When expectations are unrealistic, things can go in a couple different directions: either the expectations are dismissed, sometimes along with the authority that put them in place, or there is persistent pressure and feelings of inadequacy. Most likely there is some combination of the two.
Expectations can be rules, objectives, a parent’s hopes, relational routines, the ever-changing whims of a boss, the culture’s image of a worthwhile life, even self-imposed standards.
Sometimes, unrealistic expectations seem inescapable. This can be due to threat of harsh punishment, an unrelenting sense of duty, or any personally overwhelming perception of what might happen if standards are not met. Being stuck in such an environment causes people to hide. Out of fear and shame they cover up shortcomings, slip ups, true feelings, personal boundaries, things they need help with, and list list goes on. This could play out as cajoling or being indirect about what you want, taking out pent up aggression on others, throwing someone under the bus to distract authority from your own misstep, or keeping quiet and out of sight when certain topics arise.
Hiding is a wildly effective strategy for someone stuck in a harshly strict environment. And because it is so potent, during what often turns out being a formative time in one’s life, hiding becomes ingrained, instinctual even. The strategy can bleed into other areas of one’s life, and be clung to indefinitely, long after stepping out from under the unrealistic expectations.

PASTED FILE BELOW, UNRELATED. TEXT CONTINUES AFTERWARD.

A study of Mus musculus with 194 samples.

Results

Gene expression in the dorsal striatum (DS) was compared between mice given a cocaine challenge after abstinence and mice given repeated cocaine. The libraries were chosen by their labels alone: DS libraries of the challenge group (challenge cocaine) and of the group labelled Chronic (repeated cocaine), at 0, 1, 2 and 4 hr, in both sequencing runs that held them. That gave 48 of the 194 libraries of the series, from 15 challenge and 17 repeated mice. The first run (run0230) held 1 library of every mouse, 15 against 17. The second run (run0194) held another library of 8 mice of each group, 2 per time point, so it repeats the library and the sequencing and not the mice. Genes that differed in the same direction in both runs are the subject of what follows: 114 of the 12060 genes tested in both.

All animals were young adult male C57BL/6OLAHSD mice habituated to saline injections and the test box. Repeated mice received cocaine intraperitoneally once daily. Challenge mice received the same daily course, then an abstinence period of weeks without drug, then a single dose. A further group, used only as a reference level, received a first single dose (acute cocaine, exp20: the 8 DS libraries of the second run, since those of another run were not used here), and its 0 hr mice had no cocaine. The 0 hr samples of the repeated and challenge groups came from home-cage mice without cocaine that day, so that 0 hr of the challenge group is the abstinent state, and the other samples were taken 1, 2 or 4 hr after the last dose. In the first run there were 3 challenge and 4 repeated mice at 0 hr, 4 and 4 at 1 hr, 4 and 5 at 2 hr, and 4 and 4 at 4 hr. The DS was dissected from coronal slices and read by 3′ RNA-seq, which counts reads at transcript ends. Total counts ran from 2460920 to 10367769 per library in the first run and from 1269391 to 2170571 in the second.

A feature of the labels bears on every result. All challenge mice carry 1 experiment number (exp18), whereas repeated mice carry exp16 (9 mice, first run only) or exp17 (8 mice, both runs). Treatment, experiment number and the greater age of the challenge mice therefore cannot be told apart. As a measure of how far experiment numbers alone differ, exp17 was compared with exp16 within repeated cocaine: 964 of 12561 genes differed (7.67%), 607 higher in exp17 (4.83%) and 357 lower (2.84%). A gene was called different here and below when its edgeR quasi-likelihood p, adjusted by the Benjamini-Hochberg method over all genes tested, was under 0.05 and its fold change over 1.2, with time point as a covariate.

I still hide. We all do. The last two decades have been actively spent trying to unhide. It has been anything but a linear process that I’m sure will continue for the rest of my life. How can I be more real, and encourage others to do the same, in a world that may never be able to handle it? As a start, I am addressing the places in my life where I notice unrealistic expectations in order to prevent further hiding. And to coax myself toward unhiding, I have become more genuinely curious about my own and other people’s lived experiences, seeking out authentic, agenda-free dialogue. If you have other recommendations for unhiding in healthy ways, I’d love to hear them.